Sen. Angus King, I-Maine, said Sunday he predicts "some really stinky stuff" will be found in tax bill theovernight Friday into Saturday.
"We're going to find some really stinky stuff in here that we didn't know," said King of the legislation, adding "anything good that happens in America in the next year, including good weather at the Super Bowl, is going to be attributed to this bill."
"This is the bill that we got at about 6:00 at night that we were going to vote on that night," he said of the 477-page document.
"There were no hearings. There were some general hearings about tax reform. There were zero hearings on the bill. And even the bill that was reported out by the Finance Committee was different than what we were handed that we had to vote on a few hours later," King said.
King said that he managed to read the bill all the way through on the floor of the Senate Friday night, but that he "can't say" he "understood all of it."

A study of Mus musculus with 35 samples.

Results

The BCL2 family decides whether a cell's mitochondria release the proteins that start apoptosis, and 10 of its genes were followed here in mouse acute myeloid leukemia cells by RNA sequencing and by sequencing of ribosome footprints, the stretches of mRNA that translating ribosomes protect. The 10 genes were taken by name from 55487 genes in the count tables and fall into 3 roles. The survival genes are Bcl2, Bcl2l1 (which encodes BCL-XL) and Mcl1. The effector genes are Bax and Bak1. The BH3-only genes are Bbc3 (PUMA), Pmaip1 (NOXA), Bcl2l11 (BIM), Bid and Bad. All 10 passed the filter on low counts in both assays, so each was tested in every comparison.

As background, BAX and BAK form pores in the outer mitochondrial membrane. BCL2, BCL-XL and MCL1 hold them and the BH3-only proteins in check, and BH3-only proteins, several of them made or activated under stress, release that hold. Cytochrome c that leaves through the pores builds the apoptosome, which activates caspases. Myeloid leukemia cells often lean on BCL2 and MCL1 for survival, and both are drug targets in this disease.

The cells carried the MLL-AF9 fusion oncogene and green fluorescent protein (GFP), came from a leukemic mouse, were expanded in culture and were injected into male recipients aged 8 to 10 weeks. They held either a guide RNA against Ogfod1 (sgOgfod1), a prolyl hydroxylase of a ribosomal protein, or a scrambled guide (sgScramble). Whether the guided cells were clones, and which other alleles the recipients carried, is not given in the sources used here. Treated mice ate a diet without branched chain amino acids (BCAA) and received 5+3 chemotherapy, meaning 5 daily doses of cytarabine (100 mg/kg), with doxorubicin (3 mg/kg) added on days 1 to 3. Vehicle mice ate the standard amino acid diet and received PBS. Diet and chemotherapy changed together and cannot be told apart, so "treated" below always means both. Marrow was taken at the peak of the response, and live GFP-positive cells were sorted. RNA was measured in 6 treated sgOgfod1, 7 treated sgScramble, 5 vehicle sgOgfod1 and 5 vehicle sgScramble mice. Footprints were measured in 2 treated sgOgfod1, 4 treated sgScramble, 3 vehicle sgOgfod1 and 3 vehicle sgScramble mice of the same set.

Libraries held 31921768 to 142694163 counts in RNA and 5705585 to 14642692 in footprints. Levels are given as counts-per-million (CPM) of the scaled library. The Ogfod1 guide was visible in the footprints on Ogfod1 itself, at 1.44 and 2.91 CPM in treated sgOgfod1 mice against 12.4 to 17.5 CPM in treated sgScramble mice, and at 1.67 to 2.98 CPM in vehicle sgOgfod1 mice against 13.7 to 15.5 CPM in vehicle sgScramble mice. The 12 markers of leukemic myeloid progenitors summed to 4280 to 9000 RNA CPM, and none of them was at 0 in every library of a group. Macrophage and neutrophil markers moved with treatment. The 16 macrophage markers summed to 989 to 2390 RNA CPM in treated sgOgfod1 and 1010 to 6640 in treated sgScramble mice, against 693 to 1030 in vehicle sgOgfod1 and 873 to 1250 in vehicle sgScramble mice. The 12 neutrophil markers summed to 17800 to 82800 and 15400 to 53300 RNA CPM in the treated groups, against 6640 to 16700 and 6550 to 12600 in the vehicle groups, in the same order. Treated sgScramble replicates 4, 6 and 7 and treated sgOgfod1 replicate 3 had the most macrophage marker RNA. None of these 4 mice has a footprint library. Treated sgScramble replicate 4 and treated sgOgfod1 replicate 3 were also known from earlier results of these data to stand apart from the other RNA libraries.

"There's a lot of stuff in here that I don't think, that I don't think anybody knows what it's all about. I just happened to pick up, I marked in the margin on page 409, 'domestic oil and gas extraction income.' What's that all about? There's a later provision about income on oil and gas from foreign countries. What's that all about?" he said.
"The point is nobody knew what was going on here," he added. "And there was a moment when we could have fixed it. Chuck Schumer moved to recess Friday night about 9:00 until Monday. Give people a chance to go through this and dig through it. Party line vote, denied, we end up voting at 3:00 AM."
Asked what tax payers can expect now as the bill now moves to conference where both the House and Senate are expected to work out any differences between their legislation, King said he gives it a 50-50 chance of not getting to conference.
"I think there's a chance. Because I don't think that either side, either the House or Senate, wants to bring this back to the floor, the House just may take the Senate bill and send it to the president," said King.
King said the vote "may be the most important vote any of us take in our career."
"We've now made a 30-year decision," said King. "This isn't the reauthorization of the FAA, or even the Farm Bill. This is something that's going to affect every American, every business, the whole economy -- for decades."